Telesat announced OmniAccess, a specialized maritime connectivity solutions provider, as its first “major” customer for the company’s LEO constellation.
The announcement comes shortly after the company announced its fourth quarter and 2018 year end results. For its 2018 fiscal year, revenue was $903 million, a decrease of 2% ($16 million) compared to the same period in 2017 when adjusted for changes in foreign exchange rates.
Details of the contract aren’t available but Telesat said in a release that “they (OmniAccess) will become an important partner for Telesat LEO and the agreement provides OmniAccess with certain limited exclusivity to serve the superyacht market.”
While the agreement is a good one for Telesat, it is a limited market, albeit one where many of the customers have deep pockets.
Bertrand Hartman, CEO and founder of OmniAccess said of the deal; “It is difficult to overestimate the impact the advent of Telesat’s unique LEO service will have on the maritime industry at large. Telesat LEO will allow us to offer a truly global service, combining an extreme level of availability, unprecedented speed levels and an ultra-low latency that rivals, or even exceeds, the fastest of today’s landbased fiber-connections. For the first time in history, onboard systems and services will no longer be restricted by the limits imposed by today’s GEO & MEO-based technologies, finally bridging a digital divide that has held back onboard IT applications for so long. This will be a major game-changer for the maritime industry, profoundly impacting many social and technical aspects of vessel-operations. OmniAccess is genuinely excited to be at the forefront of such an important technological breakthrough with our valued partner Telesat, an innovative and established market-leader we have worked closely with for over 10 years beginning with the first space-segment OmniAccess ever procured. We are looking forward to our next joint ‘first’.”
Commenting on the deal, Dan Goldberg, President and CEO of Telesat said “OmniAccess is a leader in providing broadband connectivity to superyachts and other high-end maritime segments and Telesat is delighted to be building on our longstanding partnership by signing them as our first Telesat LEO customer. This commitment by OmniAccess to Telesat LEO is another strong endorsement of the transformational design and performance advantages of our system. Leading satellite broadband providers like OmniAccess, regardless of the market vertical they serve, recognize the importance of providing their customers with the most high performing connectivity services available. Telesat’s state-of-the-art LEO constellation will deliver an unmatched broadband experience – affordable, high throughput, ultra-low latency, and ubiquitous coverage – providing companies like OmniAccess with a sustainable competitive advantage in their markets. We look forward to working with OmniAccess to deliver a disruptive broadband experience for their growing base of high end maritime customers.”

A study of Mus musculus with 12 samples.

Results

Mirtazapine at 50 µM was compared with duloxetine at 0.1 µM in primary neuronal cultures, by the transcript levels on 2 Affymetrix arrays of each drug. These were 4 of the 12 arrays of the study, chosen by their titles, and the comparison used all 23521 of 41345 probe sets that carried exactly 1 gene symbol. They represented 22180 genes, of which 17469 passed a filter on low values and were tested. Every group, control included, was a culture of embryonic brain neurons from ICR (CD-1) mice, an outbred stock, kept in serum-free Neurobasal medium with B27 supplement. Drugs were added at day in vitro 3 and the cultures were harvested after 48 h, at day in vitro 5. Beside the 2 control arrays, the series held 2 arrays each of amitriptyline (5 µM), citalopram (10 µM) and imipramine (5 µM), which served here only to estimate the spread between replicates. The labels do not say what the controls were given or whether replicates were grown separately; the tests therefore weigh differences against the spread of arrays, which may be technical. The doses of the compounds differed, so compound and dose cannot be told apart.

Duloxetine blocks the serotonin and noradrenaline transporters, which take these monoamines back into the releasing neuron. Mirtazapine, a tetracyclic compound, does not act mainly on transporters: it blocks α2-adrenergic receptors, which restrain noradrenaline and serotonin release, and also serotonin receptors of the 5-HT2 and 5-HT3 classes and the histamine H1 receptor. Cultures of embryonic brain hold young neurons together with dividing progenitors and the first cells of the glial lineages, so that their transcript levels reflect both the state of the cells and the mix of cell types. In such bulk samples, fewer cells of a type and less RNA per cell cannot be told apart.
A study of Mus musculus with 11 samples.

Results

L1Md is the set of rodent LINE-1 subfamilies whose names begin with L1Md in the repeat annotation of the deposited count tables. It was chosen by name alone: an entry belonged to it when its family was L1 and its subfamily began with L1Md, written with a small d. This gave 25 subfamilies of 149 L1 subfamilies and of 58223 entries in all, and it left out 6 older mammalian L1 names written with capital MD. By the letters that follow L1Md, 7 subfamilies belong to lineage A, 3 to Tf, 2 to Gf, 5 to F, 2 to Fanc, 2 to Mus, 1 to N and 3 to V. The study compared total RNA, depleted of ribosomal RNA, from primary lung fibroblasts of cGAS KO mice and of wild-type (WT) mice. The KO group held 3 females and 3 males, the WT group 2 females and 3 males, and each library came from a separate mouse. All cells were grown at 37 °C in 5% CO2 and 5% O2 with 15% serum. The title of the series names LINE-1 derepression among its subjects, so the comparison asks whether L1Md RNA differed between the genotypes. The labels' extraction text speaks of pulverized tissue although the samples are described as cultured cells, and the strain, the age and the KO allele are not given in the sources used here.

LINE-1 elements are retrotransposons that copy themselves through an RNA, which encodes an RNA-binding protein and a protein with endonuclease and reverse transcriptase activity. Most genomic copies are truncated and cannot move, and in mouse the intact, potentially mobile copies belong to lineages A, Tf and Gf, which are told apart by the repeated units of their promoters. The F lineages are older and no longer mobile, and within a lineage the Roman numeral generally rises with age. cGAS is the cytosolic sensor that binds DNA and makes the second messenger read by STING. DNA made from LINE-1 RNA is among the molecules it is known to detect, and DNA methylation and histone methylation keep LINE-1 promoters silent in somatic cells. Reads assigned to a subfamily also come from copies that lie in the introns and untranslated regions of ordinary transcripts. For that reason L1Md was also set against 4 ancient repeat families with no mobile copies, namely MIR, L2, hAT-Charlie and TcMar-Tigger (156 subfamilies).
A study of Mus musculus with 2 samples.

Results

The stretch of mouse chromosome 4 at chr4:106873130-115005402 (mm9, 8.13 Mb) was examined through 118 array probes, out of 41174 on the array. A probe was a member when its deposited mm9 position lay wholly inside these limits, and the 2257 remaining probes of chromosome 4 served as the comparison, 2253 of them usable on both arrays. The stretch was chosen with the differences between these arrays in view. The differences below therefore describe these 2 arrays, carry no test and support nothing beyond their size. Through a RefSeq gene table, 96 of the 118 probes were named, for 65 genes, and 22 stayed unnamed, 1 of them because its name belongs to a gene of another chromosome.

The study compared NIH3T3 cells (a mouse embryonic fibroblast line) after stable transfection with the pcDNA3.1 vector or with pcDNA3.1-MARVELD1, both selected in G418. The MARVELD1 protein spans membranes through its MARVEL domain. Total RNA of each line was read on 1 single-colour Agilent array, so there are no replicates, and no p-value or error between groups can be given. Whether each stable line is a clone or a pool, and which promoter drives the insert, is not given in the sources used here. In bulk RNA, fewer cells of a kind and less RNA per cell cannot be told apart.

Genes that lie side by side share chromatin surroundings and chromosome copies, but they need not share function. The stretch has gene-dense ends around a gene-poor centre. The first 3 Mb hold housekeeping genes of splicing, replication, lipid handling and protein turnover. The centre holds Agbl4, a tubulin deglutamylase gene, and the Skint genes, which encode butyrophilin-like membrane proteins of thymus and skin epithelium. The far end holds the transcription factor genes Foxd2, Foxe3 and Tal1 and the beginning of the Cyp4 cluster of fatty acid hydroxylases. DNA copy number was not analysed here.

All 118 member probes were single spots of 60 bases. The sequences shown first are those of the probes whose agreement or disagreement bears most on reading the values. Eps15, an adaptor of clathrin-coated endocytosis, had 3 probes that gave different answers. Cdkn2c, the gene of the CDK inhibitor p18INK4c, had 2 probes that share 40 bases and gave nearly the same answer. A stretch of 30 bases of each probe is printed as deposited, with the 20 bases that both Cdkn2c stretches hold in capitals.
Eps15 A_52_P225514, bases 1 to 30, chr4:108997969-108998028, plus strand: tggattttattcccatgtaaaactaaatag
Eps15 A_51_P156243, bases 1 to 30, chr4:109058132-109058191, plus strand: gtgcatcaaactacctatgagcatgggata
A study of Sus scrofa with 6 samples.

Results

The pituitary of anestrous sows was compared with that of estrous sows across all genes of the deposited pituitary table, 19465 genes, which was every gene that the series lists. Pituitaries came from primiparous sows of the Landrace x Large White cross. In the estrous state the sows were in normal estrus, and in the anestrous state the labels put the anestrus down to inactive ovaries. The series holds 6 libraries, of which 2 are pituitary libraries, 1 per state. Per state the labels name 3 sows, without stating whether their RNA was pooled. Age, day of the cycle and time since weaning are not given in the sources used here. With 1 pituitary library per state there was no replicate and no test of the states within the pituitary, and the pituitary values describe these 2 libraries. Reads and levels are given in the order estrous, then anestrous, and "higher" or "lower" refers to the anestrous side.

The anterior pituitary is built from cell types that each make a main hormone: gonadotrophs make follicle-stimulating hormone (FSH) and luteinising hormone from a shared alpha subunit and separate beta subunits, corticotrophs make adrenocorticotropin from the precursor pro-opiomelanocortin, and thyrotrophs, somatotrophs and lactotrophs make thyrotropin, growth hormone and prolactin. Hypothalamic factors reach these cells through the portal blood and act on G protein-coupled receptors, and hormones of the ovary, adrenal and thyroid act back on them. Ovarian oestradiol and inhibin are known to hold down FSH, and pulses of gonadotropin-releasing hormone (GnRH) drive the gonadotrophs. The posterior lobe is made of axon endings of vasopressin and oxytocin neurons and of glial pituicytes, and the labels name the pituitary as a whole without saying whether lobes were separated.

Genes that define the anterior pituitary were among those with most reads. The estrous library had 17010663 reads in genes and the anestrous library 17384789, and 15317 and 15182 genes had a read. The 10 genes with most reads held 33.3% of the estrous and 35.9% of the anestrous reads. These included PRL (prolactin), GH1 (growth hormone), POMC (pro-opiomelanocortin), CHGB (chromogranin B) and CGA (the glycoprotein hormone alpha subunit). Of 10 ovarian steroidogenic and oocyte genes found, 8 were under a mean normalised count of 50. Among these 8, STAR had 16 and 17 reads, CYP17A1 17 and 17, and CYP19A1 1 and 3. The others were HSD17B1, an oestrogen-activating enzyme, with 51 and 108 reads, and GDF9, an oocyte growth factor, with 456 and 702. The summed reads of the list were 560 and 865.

The OmniAccess news comes shortly after the company had signed a deal with Alphabet’s Loon to design a network operating system for the Telesat LEO constellation along with a launch deal with Blue Origin.
The CBC is also reporting ahead of tomorrow’s budget that one of its key components will be a pledge, and funding, so that all Canadians have access to high-speed internet by 2030.
The broadband initiative is not new. In last years budget the government proposed “$100 million over five years for the Strategic Innovation Fund, with a particular focus on supporting projects that relate to LEO satellites and next generation rural broadband.”
If the report is accurate, then Telesat could see a budget boost as they attempt to build their LEO satellite constellation.